In addition to state-of-the-art assembly equipment, people also contribute to the success of the Schneider Electric/Square D Lexington plant. More than 50 percent of the workforce has been employed at the facility for 20 years or more.

In addition to state-of-the-art production technology, people also contribute to the success of the Schneider Electric/Square D Lexington plant. “The most notable achievement is the commitment of our employees,” says Bob Spence, plant manager. “Our employees are the backbone of this [plant] and a major reason why we have been able to sustain the legacy of this facility for 50 years.

“Over the past 10 years, we have worked hard at our productivity and been successful,” adds Spence. “If we had not been year over year delivering over 5 percent productivity, the story might have been different, as we do not have the lowest wage rate in comparison to our competitors. [However], we do have great employees who are highly skilled at building quality products and working with us at our productivity challenge to keep jobs here in Lexington.”

The plant is blessed with a group of loyal, dedicated and hard-working employees. More than 50 percent of the workforce has been employed at the 2007 Assembly Plant of the Year for 20 years or more. In fact, several individuals have each worked there more than 40 years.

Employees at the unionized plant are represented by the International Brotherhood of Electrical Workers and the International Association of Machinists. Management works closely with them; major equipment and process changes are communicated to the workforce through meetings. After knowledge of events, operators are involved in planning and pre-installation activities to address ergonomic issues and provide feedback.

Schneider Electric/Square D Lexington employees are proud of their safety record. Between 2001 and 2006, the facility achieved a 46 percent reduction in medical incident rates. Ergonomics plays a key role in the process, and operators serve on the safety committee. In addition, employees participate in a S.T.E.P. (Safety Takes Every Person) program to drive involvement and accountability toward the plant’s safety program.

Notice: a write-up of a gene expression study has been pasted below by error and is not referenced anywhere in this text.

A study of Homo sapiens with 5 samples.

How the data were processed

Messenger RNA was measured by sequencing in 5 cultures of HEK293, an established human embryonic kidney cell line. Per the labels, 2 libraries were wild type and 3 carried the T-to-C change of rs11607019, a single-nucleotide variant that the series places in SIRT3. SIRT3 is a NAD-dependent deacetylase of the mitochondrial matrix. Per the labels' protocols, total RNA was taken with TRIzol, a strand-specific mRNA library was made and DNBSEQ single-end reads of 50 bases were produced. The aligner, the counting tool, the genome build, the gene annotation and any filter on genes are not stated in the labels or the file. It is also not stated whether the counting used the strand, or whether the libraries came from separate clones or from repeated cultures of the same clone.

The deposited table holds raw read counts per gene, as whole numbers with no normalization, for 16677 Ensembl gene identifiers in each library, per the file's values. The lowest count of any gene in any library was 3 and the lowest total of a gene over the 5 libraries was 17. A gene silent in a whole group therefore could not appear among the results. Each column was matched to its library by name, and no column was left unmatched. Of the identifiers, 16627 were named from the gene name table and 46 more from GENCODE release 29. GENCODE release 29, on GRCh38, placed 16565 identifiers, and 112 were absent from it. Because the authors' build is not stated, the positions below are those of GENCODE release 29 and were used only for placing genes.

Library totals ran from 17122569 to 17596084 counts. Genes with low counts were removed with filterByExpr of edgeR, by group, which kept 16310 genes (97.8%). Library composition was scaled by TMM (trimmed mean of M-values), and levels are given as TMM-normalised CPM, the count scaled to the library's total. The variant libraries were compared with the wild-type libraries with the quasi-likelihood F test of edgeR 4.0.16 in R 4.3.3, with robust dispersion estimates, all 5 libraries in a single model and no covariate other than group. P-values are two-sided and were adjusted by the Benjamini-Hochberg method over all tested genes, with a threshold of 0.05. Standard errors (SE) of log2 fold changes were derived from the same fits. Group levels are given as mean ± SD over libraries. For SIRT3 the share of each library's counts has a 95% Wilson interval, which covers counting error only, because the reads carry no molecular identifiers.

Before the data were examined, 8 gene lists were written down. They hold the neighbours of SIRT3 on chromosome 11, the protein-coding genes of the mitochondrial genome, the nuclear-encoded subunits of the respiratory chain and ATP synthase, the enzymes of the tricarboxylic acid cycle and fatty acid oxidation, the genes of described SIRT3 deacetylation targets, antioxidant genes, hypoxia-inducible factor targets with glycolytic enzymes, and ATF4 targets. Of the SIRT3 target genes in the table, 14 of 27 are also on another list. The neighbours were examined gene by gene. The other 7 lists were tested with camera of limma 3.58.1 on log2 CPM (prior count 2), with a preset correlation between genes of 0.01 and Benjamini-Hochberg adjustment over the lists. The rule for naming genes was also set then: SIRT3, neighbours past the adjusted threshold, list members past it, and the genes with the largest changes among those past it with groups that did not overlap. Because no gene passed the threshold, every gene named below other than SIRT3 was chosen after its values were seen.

“Safety is our No. 1 priority,” says Spence. “We continue to set internal safety records and definitely lead the industry when we look at the safety rates of our competitors.

“As we have improved our workstation-level ergonomics, our severity of accidents has come down, along with a reduction in lost-time days missed by employees due to work-related accidents,” adds Spence. “When employees are at work, obviously we are more productive.”

Several ergonomic issues are being addressed with a new power-and-free conveyor system that is currently being installed in the plant. Many workstations will also be redesigned in 2008. “We are investigating using robots to unload painted load center boxes and covers from the power-and-free conveyor to the first assembly workstation,” explains Spence.

In addition to three in-house safety professionals, the plant has an ergonomist on-site two days a week. He works with associates who experience any work-related pain and discomfort. In addition, he works with manufacturing engineers to find ways to change workstation designs. Many solutions implemented have involved getting parts closer to the assembly line.

“Our team is constantly looking for ways to improve ergonomics,” says Bruce Molinar, senior manufacturing engineering manager. “[For instance], we have evaluated and sought feedback from our operators on ergonomic mats [that] allow standing over an eight- to 10-hour shift. We are constantly searching the market for new innovative methods to drive screws, tool balancers, operator assist mechanisms, fixtures and various other assist methods at the workstation.

“Many times, we cannot find our optimal solution for an operator issue,” adds Molinar. “[When that happens, we] make or modify a solution utilizing our internal toolmakers or our maintenance department.”